Missoula, MT (KGVO-AM News) - In the ‘you learn something new every day’ category, I discovered that what I thought was a ‘riparian area’ between the Sinclair Station and the Northgate Plaza at 39th and Russell is actually called Cattail Corner, a critical part of the South Hills stormwater infrastructure.

As I was driving past, I saw the bulldozers and earth-moving equipment and assumed new construction was replacing the cattail marsh.

Not so.

Cattail Corner is Getting a $1 million Facelift

KGVO News spoke to Adam Marsh, City of Missoula Utility Engineer who is in charge of the project, who explained the purpose of what is called ‘Cattail Corner’.

“Cattail Corner is a stormwater treatment wetland,” said Marsh. “It's an integral part of the South Hills stormwater system that collects water from all the way up and in Pattee Canyon, Moose Can Gully, and all those drainages and conveys it down to the Bitterroot River.”

Marsh said the corner serves a vital purpose in the city’s stormwater infrastructure system.

“The Cattail Corner receives most of the base flows,” he said. “They're diverted into Cattail Corner during dry weather periods like this if we weren't doing construction. “Then, it's infiltrated into the soil and evapo-transported up into the air to reduce the sediment load and the nutrient load reaching down to the river. That's the purpose of the facility.”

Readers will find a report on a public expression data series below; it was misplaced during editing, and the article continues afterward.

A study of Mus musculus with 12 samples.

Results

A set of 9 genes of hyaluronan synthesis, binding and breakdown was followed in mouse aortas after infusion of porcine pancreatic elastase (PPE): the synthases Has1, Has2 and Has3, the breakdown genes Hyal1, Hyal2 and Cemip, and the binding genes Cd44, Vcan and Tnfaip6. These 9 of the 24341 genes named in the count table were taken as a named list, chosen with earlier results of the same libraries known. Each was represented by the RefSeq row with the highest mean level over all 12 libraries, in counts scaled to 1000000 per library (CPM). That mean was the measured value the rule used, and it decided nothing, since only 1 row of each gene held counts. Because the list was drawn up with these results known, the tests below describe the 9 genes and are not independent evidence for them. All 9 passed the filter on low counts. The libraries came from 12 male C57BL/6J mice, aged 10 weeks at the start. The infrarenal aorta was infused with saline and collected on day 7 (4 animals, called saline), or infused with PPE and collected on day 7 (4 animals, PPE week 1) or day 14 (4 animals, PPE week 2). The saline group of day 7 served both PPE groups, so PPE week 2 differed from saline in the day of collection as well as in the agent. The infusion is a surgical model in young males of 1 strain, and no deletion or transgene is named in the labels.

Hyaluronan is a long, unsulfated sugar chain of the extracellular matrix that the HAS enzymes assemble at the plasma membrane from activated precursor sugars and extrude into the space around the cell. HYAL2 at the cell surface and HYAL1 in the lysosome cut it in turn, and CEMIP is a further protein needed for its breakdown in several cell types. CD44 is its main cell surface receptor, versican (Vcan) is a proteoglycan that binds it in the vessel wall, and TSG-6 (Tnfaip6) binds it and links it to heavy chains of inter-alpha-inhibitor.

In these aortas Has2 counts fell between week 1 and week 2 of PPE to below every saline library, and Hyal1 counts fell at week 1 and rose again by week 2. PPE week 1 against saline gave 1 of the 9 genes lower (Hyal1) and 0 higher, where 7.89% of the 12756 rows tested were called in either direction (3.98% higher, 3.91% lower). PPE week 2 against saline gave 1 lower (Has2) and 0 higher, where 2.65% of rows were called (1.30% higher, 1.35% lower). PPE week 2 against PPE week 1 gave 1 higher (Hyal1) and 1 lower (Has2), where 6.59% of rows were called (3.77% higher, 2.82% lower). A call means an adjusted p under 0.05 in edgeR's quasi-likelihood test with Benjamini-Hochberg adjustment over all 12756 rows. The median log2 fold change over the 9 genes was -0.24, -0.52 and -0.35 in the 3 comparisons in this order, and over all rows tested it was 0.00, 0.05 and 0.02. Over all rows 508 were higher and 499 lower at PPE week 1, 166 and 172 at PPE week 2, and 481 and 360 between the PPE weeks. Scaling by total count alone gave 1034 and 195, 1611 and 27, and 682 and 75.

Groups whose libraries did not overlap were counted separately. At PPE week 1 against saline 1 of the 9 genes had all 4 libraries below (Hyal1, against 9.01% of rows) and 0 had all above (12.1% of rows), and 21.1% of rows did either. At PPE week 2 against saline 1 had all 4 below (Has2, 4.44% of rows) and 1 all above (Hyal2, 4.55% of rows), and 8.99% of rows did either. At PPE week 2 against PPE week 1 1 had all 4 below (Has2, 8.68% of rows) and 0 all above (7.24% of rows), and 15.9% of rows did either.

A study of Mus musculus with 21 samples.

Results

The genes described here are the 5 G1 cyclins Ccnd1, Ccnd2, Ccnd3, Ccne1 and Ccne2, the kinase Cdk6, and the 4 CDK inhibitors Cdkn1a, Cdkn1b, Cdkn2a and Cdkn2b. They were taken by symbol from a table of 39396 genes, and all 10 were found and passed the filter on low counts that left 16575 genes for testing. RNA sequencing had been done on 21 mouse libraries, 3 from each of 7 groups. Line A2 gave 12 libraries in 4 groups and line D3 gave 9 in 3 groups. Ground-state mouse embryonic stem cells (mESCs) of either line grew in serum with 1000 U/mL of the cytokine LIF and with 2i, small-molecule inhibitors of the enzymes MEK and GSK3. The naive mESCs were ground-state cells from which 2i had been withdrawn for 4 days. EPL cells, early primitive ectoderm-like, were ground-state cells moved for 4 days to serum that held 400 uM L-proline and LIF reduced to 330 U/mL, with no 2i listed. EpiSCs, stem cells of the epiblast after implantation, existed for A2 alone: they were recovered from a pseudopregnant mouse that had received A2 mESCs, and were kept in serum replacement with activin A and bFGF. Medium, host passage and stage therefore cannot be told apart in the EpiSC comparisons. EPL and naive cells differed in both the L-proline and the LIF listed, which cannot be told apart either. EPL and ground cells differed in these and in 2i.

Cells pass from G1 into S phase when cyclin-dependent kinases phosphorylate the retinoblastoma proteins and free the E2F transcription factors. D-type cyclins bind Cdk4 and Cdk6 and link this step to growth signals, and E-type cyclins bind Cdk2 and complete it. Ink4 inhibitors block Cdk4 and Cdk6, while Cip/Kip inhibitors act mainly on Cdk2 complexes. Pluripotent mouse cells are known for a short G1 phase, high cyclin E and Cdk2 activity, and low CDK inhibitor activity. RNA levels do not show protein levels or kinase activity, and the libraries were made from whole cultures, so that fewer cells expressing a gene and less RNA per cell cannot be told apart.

Marsh said over the years the corner has become clogged with cattails and can no longer fulfill its designed function.

“We are doing a major rehab at this facility,” he said. “It's got a lot of sediment that's accumulated in it. The original detention volume has been greatly diminished by that sediment, and it can't store the stormwater that was originally intended. The cattails have also really taken over and choked out a lot of the native species, which have impacts not only for wildlife that utilize the area but also reduces the effectiveness of the treatment for nitrogen and phosphorus and other pollutants that make it into the into Cattail Corner.”

And, of course, no conversation about a city project would be complete without asking how much the project costs and who’s footing the bill. Marsh explained.

The Project is Funded Through ARPA and a State Revolving Fund

“This project costs just a hair over $1 million, and the funding is coming from a combination of ARPA (American Rescue Plan Act) grants and SRF loan that has been secured by the stormwater utility that stands for a State Revolving Fund. That’s the funding source for clean water and potable water.”

Marsh said the project should be completed in October, and weather permitting, more diverse native vegetation will be planted which will better utilize the nutrients than the cattails can themselves.

(A tip of the hat to City of Missoula Communications Director Ginny Merriam for help with this story.)